That picture was taken two years ago. I was talking to a school in the USA, answering questions and translating answers into English from indigenous people talking about their life.
Back then, I was working in Guatemala designing and implementing water systems with Agua Para la Salud, a non-profit organisation. One of the projects I worked on was at Chinimaya, a tiny village, where I met a great group of engineers and professionals from Wisconsin Water for the World. They go every year to work on a different project.
Joan Roehre (standing in the picture) and John Andersen were part of the organisation, but they also founded ‘Adventure Kids Learning’, a little non-profit organisation that helps to highlight the water crisis to classrooms in the USA. They decided to use their trips to raise awareness about water problems and share the different social realities with the students.
I had the opportunity to work with them and I enjoyed it greatly. The indignation of the North-American students when they learnt about the situation of women, their surprise when discovering that they didn´t have showers, and that children had to travel far to get water (not safe water, just water) showed, was an eye opener for them. They weren’t happy with that situation even though it was happening far away from them. For me, that was the beginning of this story.
Sometimes, you connect with people, sometimes you don´t. Sometimes it takes months, sometimes it takes hours. In my case, with Joan and John, it didn´t take long. We kept in touch after I came back to Europe, and last year in one of our conversations Joan told me: “I want to make a live, virtual event for the World Water Day, and I want you in” And that was all it took to convince me… So we started!
Ripples Make Waves is a live, 24-hour, interactive video event bringing students of the world together to share water stories, discuss change and advocate for each other, the need and the right for every child to have safe water. And it starts at 2pm today!
We have speakers presenting from 15 different countries, and the event is sanctioned by the UN Water. Ripples Make Waves was initially thought to be an event for schools from all around the world. However, due to the high interest shown by both, young and adult individuals, we decided to open it to all public. The aim is to share stories, problems and solutions about water so the more people we reach, the better!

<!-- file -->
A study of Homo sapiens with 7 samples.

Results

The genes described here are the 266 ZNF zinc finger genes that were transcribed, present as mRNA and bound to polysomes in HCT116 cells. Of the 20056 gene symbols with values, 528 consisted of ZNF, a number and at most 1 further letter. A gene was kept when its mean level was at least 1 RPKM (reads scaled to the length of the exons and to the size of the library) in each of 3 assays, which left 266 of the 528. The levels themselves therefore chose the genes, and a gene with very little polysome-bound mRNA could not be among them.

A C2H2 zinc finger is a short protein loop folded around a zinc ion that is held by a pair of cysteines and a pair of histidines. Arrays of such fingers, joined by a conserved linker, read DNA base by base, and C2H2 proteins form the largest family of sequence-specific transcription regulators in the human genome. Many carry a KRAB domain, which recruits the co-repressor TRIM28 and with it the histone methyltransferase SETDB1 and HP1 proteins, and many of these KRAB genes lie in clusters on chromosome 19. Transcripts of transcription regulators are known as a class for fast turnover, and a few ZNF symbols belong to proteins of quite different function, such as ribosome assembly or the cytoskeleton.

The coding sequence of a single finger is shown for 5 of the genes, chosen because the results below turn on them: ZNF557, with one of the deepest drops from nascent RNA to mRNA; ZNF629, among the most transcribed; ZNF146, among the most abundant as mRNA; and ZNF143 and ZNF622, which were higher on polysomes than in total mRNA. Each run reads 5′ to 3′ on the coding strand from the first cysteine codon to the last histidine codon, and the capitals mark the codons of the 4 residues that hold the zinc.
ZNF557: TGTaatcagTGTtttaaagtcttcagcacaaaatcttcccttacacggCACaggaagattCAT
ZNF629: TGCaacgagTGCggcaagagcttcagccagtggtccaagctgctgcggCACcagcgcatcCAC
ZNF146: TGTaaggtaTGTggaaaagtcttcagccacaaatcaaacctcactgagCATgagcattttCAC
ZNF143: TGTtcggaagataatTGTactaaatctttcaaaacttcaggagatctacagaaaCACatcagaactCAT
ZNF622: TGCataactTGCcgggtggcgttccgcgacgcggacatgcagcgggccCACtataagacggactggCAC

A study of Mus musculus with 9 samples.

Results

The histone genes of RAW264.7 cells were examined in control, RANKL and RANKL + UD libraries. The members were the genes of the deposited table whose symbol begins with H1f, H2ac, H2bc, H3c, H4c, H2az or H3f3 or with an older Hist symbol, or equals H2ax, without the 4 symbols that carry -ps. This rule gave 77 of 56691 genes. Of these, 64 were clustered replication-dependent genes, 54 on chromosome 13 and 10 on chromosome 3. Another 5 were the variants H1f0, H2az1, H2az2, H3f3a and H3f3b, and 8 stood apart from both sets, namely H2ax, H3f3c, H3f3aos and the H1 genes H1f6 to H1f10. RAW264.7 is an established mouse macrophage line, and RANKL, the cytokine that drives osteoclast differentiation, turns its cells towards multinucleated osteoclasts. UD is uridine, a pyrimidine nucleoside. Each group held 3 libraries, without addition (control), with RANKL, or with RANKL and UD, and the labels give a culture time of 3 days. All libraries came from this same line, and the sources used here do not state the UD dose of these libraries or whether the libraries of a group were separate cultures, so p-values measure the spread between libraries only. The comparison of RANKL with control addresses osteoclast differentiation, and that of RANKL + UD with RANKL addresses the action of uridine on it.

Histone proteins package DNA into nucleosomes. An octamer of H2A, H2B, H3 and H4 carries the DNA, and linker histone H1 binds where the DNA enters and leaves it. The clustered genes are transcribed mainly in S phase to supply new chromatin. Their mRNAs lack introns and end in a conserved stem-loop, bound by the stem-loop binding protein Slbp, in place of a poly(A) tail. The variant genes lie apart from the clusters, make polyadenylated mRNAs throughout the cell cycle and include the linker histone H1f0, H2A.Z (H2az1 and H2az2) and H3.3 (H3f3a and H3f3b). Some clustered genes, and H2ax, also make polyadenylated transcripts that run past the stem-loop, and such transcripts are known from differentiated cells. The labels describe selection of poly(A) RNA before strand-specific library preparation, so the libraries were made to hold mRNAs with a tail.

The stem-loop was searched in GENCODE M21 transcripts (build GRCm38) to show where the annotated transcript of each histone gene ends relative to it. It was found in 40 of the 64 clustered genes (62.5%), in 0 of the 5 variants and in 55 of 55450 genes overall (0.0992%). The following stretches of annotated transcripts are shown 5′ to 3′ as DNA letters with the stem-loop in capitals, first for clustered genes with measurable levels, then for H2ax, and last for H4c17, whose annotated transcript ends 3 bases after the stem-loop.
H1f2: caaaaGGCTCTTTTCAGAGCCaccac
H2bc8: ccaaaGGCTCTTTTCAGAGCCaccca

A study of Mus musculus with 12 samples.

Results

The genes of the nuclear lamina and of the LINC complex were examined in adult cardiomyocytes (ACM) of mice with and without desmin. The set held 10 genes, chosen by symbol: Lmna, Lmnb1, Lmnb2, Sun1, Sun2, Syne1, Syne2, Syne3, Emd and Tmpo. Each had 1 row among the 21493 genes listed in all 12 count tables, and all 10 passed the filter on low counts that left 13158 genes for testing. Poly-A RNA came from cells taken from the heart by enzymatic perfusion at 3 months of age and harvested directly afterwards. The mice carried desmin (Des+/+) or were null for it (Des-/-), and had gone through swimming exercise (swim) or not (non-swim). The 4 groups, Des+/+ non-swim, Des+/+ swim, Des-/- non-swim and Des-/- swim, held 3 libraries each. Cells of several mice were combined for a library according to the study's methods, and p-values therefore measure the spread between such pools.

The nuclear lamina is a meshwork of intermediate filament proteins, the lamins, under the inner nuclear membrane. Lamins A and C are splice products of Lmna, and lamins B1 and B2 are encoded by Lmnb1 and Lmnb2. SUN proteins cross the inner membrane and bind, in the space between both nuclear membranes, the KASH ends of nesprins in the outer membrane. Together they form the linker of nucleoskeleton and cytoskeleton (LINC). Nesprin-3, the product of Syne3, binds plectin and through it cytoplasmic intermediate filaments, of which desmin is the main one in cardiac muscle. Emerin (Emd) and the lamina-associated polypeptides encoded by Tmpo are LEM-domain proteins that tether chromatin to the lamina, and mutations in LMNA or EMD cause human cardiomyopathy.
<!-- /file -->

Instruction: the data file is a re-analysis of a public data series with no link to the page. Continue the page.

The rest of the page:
Short answer: Why not?
Long answer: Water and sanitation is a topic that needs to be raised, shared and discussed, and I truly believe that education and information are powerful tools for change.
In my opinion, bringing science and information to the general population is one of our responsibilities. But is more than that: Not everybody knows that a single battery can pollute 600,000l of water, or that a plastic bag has a degradation time estimated between 20 to 1000 years.
Developed countries tend to take for granted their access to safe water. However, the story in Flint, USA, may bring a bit of perspective on how this assumption can be wrong even in the so called ‘developed countries’.
It is difficult to understand the implications that the lack of toilets have when it comes to safety for girls and women if you have never heard about it. Also, communication among different countries with similar problems may inspire similar or new solutions, which would be a very useful consequence of this event.
It is necessary that people learn about the problems that plastic bags are causing in other parts of the world and it´s important to talk about environmental challenges and social realities. It is not the same to read it, than a person who is working on it shares their story, and their reasons to put effort on this particular task.
A message delivered by someone with passion travels further, and we have a lot of passionate speakers! Personally, co-organising Ripples Make Waves has been a very rewarding experience. It is indeed a lot of work, but I´ve got to learn about very interesting projects, contacted incredible people, developed new skills, and I also had the chance to work again with Joan Roehre, who is not only extremely passionate about water and social justice, but is also a natural at making entire classrooms and audiences, regardless their age, learn and have a great time.
We believe that future generations have the power to change things, that people can change behaviour if they find good reasons to do so. We are convinced that every action, every step, and every drop counts. And that´s why Ripples Make Waves was created, it’s our way to start a wave.